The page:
Flughafen Zürich AG disposes of the waste for the entire airport. Systematic waste management enables almost all waste to be disposed of either thermally or by recycling.


As a major transport hub handling cargo and tens of thousands of people every day with constantly expanding infrastructure, Zurich Airport generates a considerable volume of waste. Flughafen Zürich AG therefore prioritises avoiding waste from the outset. Where this is not feasible, it collects recyclables separately and disposes of residual waste in an environmentally responsible manner.


Flughafen Zürich AG handles the disposal of its own waste as well as the majority of waste from other companies at the airport. Wherever possible and expedient, it makes every effort to collect recyclables separately and send them for recycling. In Switzerland, energy is recovered from general waste through combustion. Such waste from Zurich Airport is burned in a waste incineration plant and the heat produced is used to generate electricity and supply a district heating network.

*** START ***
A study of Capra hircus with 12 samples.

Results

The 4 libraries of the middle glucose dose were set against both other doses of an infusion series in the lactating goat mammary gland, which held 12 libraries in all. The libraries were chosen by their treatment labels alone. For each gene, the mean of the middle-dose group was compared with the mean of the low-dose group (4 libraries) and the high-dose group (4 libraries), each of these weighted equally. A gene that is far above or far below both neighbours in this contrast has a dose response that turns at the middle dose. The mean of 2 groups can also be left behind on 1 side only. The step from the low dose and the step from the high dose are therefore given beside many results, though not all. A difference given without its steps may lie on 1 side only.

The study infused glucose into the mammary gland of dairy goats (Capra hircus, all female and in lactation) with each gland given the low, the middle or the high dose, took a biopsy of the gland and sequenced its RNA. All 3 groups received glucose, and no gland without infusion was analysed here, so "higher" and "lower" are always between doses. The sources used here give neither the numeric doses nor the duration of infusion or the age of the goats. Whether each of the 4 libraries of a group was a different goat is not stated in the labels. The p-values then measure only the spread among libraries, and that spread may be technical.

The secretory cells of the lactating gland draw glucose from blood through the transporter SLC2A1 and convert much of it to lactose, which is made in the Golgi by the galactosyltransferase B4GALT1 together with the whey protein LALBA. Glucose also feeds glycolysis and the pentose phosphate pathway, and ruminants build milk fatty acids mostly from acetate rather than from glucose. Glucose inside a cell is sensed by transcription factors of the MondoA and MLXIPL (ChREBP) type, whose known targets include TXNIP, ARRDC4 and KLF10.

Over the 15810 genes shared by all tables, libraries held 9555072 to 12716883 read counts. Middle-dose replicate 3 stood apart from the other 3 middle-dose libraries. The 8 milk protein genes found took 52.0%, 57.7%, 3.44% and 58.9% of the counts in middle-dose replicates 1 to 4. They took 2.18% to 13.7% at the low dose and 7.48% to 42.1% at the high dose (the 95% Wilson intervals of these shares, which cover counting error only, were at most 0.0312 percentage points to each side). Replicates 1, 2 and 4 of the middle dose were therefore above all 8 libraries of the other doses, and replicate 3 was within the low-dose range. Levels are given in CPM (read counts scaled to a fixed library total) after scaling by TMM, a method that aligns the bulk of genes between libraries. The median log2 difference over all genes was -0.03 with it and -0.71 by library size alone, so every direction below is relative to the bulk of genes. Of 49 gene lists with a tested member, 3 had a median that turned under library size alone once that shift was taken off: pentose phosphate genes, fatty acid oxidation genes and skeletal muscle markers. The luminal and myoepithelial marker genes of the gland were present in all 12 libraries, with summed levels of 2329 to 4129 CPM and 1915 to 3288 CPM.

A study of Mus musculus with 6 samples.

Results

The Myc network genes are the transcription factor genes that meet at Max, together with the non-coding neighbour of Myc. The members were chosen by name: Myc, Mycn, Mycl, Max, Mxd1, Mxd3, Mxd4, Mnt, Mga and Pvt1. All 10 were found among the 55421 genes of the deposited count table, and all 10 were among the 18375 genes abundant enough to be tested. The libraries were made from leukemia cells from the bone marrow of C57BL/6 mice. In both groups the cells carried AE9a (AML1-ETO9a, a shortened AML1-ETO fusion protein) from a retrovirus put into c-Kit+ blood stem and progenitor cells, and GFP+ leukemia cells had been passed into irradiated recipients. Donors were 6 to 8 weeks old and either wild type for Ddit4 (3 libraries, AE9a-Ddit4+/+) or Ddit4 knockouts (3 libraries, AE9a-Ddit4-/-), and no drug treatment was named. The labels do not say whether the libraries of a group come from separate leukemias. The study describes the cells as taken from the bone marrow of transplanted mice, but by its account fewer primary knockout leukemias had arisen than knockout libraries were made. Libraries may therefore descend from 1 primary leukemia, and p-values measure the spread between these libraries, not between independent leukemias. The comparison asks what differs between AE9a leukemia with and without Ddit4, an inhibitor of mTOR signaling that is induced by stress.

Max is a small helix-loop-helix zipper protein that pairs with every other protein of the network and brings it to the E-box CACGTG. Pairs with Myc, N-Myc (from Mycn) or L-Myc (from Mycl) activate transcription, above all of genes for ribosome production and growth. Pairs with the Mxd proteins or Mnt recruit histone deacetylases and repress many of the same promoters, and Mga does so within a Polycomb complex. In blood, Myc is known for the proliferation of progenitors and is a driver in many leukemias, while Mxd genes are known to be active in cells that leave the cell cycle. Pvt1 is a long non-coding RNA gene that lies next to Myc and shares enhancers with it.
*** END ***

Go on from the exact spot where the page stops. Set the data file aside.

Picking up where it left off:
Trends during the reporting year

The overall quantity of waste at Zurich Airport increased sharply in the reporting period: it amounted to 20,960 tonnes, representing an increase of 15.5% on the previous year. The reason for the increase is, on the one hand, the rise in the quantity of waste which in turn is attributable to the higher passenger numbers, and on the other hand, because metal waste from the removal of facilities was included in the calculation. These are also the main reasons for the increase in the recycling rate.

Compared with 2017, the proportion of mixed waste decreased to 47.3%, while the proportion of waste sent for material recycling rose to 48.9%. The quantity of paper and cardboard collected dropped for the third time in a row and came to 2,865 tonnes. One reason for this is the decline in paper/cardboard waste from the aircraft, as fewer newspapers and magazines are offered, compared to previously.

The volume of PET collected and recycled increased significantly in the reporting year compared with 2017 and amounted to 280 tonnes. The 25% increase is partly a result of additional containers being installed in the terminals and the security check building and more PET bottles being separated out from aircraft waste.

The quantity of liquids confiscated at the security check was on a par with the previous year at 219 tonnes.

To enable a comparison with other airports to be made, the quantities indicated were defined by the German airports association (ADV).